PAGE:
Spokane officials are crafting new land-use rules for the West Plains in hopes of protecting the future of Spokane International Airport.
On Jan. 1, Spokane will annex 10 square miles on the West Plains, including the airport, in what will be the largest expansion of city limits in more than a century.
Most land-use rules won’t change from the current Spokane County zoning, but city planners are proposing to adopt state recommendations that add an “ airway overlay zone” restricting new residential zoning within 6,000 feet of current and proposed runways.
The new airway zone would allow property owners to develop according to current rules, but they couldn’t rezone their land to allow denser residential development.
“If you are zoned for residential today in that area, it’s OK to develop,” said City Planning Louis Meuler. “We don’t want to see new zoning that allows for denser residential.”
Building rules surrounding the airport and Fairchild Air Force Base got renewed attention in the last decade following a Spokane County administrator’s decision granting permission to place a day care center near the end of a proposed runway. County commissioners also faced significant criticism from airport and some business leaders for voting to allow residential construction near the airport. Opponents of the change argued that residential growth could endanger the air base and make airport expansion extremely costly. Commissioners later reversed their decision.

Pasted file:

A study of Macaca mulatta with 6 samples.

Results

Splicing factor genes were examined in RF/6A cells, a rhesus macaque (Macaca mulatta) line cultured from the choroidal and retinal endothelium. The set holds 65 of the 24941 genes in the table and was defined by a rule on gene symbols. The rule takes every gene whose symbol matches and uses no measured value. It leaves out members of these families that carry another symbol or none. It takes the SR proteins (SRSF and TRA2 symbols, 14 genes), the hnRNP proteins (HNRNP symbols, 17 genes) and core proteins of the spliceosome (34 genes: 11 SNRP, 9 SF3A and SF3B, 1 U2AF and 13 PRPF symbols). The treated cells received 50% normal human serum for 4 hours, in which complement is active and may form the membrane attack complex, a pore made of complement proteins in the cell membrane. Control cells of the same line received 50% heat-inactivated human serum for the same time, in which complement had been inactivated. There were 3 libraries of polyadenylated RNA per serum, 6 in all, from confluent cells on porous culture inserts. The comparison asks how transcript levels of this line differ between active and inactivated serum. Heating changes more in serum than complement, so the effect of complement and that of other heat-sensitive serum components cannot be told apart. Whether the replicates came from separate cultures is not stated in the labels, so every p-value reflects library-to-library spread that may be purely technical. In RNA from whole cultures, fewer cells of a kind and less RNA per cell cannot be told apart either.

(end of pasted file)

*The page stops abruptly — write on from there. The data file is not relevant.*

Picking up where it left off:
“Encroachment is the poison word for Air Force bases,” said Council President Joe Shogan at a hearing last month. “This is serious stuff. It’s not just mundane lines on a map.”
But at least some property owners argue that the city’s proposed airway overlay zone goes too far.
Developer Pete Thompson told the City Council that while he’s supportive of the strict rules immediately adjacent to runways, the new overlay zone is extreme. He notes that the zone extends south of Interstate 90. He and others have long argued that there’s a glut of light industrial-zoned land on the West Plains and elsewhere and that leaders should allow more diverse development options.
“What we don’t want to see happen is the unintended consequences of being so restrictive that we can’t move forward to get some kind of good tax base and employment going out there,” Thompson said.
Al Payne, a landowner and developer, said crashes have been extremely rare at the airport.
“Somehow residential has been demonized,” Payne said. “What the staff wanted to do is give the FAA (Federal Aviation Administration) everything they’ve ever dreamed of.”
Meuler said the zones were crafted to protect the public from crashes and from noise. The zones are shaped to include areas where low-flying planes circle the airport. Residents who move near runways often complain about noise, creating pressures on an airport that could restrict future growth.
Although zoning in the overlay areas couldn’t be changed to allow more homes or apartments, other growth is encouraged, including offices, hotels, warehouses and other light industrial uses, Meuler said.
Much of the land affected by the overlay will remain outside city limits even after next year’s annexation. But developers say they’re concerned that the property will someday be annexed or the county could be pressured to also adopt the state recommendations.
Along with the new rules for Spokane International Airport, the council will consider the addition of similar “airfield overlay zones” around Felts Field.
Mueler said most of the land around Felts is zoned industrial, but there are some older homes nearby.
“Ideally it wouldn’t be located there, but since it does, we’ll try to accommodate that in the regulations,” Meuler said.